An ironic twist for Congressional ethics

A curious benefit of the new GOP leadership is the continuation of an independent watchdog agency with plenty of bark and bite.


Curiously, the new GOP-led House has decided to keep the Office of Congressional Ethics (OCE), an independent agency that was started by former Speaker Nancy Pelosi and sharply opposed at its birth by the new speaker, John Boehner. How come?

The story begins with a Northwest angle. The last time the GOP controlled the House, Eastern Washington Rep. Doc Hastings was the oh-so-casual chair of the House Committee on Standards and Official Conduct, which meant that allegations of ethical misbehavior by members, particularly Republicans, died an obscure death in Doc's committee. Behavior like that, and public outrage, led to Pelosi's courageous idea of an independent watchdog.

The OCE has an eight-member bipartisan board, mostly former members of Congress and appointed by the Speaker and the minority leader of the House. Its co-chairs are former Democratic Congressman David Skaggs of Boulder and Porter Goss, a Florida Republican and former director of the CIA.

When suggestions of wrong doing reach the OCE, its board can instruct its investigative staff to look into the details under strict confidentiality. These probes often conclude there is no reason for further action. If the case merits further investigation, requiring votes each time by the bipartisan board, it digs deeper and may refer its findings the the House Ethics Committee and publish a report on its findings. All it takes to start an investigation is two votes from the board, one from each party, but it takes votes of the full board to look more deeply into these incidents.

There have been 20 referrals published on the OCE website, with doubtless quite a few other investigations that cleared the party in question or at least decided there was insufficient reason to look more deeply into the allegation. (OCE can investigate members and also staff members.) One of the published reports, recommending dismissal of the allegations, concerned Congressman Norm Dicks, who was accused of soliciting contributions in connection with Defense earmarks. It makes for fascinating reading about this murky area, including Dicks' stout defense of his staff's actions in handling these requests, and the judicious and thorough  manner of the investigation.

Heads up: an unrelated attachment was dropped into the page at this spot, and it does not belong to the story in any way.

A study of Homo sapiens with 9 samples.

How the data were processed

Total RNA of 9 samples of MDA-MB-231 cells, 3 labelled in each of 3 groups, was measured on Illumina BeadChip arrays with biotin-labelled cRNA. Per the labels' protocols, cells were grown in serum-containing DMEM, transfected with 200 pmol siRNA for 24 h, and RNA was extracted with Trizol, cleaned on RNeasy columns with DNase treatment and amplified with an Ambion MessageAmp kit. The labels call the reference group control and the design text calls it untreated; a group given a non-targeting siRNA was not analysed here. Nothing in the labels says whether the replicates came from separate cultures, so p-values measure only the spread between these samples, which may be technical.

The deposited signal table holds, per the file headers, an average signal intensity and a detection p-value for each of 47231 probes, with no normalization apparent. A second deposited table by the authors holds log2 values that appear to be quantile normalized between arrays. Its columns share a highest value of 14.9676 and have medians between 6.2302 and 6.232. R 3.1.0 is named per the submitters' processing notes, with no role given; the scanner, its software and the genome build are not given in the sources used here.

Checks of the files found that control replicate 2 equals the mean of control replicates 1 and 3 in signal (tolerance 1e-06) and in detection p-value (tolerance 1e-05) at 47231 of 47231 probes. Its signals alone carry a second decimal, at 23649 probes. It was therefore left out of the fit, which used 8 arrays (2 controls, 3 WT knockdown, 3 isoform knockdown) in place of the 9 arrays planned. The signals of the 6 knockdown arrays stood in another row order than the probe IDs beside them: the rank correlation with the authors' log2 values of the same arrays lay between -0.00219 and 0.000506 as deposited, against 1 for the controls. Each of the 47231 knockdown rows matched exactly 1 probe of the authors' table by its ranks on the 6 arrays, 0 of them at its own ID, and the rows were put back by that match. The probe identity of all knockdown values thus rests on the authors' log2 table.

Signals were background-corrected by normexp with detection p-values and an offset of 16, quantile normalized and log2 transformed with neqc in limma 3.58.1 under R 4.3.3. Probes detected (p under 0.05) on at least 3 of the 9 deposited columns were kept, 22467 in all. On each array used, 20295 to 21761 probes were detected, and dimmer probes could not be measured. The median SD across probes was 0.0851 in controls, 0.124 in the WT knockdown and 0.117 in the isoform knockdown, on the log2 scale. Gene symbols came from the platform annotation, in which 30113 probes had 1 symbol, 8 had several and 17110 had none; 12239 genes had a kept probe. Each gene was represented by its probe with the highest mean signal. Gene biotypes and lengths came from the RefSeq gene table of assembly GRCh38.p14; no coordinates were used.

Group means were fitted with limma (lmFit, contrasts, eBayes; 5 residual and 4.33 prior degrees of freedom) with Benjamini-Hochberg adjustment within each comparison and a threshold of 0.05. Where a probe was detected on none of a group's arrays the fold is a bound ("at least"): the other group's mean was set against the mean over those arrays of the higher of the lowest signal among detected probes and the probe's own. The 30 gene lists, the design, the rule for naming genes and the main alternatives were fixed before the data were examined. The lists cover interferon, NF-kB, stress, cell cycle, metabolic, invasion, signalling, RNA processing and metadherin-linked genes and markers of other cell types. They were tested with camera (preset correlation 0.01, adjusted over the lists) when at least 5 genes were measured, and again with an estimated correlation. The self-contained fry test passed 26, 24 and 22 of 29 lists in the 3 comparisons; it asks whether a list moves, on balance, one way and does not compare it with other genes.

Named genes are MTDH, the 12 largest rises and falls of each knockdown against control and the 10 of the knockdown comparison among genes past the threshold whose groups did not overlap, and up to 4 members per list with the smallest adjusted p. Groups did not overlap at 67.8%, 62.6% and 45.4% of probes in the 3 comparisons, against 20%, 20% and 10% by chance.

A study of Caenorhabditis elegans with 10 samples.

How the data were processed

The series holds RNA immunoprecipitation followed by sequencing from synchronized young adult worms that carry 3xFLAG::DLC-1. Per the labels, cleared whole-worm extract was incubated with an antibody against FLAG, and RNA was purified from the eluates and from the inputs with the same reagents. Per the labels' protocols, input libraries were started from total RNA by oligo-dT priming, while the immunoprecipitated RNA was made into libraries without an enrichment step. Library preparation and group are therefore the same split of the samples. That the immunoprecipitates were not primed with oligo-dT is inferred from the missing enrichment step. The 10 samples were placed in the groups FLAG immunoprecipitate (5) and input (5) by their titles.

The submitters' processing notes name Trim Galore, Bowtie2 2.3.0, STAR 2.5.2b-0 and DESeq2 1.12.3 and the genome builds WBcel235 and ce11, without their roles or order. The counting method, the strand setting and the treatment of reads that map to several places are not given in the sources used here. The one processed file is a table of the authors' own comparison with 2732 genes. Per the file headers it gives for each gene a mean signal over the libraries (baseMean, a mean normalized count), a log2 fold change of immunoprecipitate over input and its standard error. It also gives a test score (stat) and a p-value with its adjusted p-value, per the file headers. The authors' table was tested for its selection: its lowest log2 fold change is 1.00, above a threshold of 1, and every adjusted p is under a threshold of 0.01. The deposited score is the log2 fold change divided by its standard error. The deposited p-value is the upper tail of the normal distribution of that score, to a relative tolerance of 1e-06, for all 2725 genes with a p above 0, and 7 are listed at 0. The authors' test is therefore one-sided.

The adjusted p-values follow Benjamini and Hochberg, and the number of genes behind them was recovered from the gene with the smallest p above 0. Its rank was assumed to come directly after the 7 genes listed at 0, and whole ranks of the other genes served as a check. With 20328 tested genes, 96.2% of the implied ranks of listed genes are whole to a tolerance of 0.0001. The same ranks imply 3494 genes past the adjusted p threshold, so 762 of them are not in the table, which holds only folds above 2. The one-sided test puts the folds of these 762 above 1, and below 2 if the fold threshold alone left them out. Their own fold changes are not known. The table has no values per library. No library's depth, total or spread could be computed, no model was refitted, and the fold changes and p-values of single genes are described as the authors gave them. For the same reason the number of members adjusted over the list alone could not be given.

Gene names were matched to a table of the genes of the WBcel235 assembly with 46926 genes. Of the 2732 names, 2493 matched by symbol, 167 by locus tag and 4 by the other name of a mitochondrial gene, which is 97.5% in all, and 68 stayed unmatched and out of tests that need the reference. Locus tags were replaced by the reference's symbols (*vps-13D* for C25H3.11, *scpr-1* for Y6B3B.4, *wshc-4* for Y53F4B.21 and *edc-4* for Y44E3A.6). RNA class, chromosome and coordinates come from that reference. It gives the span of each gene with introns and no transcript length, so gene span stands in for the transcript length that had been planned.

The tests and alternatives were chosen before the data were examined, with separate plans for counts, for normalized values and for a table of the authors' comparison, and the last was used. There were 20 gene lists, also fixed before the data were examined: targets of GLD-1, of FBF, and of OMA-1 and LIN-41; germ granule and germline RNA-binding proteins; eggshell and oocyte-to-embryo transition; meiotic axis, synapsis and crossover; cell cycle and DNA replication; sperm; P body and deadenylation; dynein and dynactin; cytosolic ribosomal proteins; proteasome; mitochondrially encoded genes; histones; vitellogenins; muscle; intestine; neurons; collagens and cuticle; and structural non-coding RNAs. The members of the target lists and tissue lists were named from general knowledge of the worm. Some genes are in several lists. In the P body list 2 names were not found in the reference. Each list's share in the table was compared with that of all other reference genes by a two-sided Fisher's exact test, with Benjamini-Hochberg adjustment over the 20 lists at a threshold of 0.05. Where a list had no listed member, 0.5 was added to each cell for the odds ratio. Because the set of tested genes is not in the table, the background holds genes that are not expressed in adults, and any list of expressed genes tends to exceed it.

The leverage is that if the House Committee fails to address the referred matter, or buries it over time, the OCE has gone public with its findings. This has put a lot of backbone into the House, and there have been a rash of ethics cases in the years since OCE started in 2008. Probably, if OCE is allowed to continue its bipartisan but tough policing for two or three more Congresses, the dirty stables will be greatly cleansed.

Along with the cases has come a rash of complaints, particularly from the Black Congressional Caucus. At least eight black lawmakers have come under the OCE microscope, notably Reps. Charles B. Rangel of New York and Maxine Waters of California. The caucus had been moving to cripple the agency, feeling that its members, and Democrats, had been unfairly singled out. Other Congress members have privately groused that once the OCE starts an investigation, even if it exonerates the subject, that member's career is put in great jeopardy, given the take-no-prisoners style of today's campaigning.

Had the Democrats retained the House majority, but with a smaller margin, observers expected that the Black Caucus could have withheld support for reelecting Pelosi as speaker, unless she shut down the OCE or arranged for its neutering. Other members would have blamed Pelosi's OCE for all the carnage in the election. But killing OCE would have been ugly. The Democrats would look weak on the touchy issue of policing its members, and an effort to geld the agency would have led to resignations at OCE and loud protests from good-government groups who had pushed for the creation of the watchdog group.

The irony is, the OCE only would have survived if the GOP took control. Even so, observers are mildly surprised that Speaker Boehner decided to keep OCE going, largely intact, saying there would be no change in mandate or mission for the next two years at least. We'll see how well the GOP stays the course once some of its business-cozy members come under the probes of the OCE.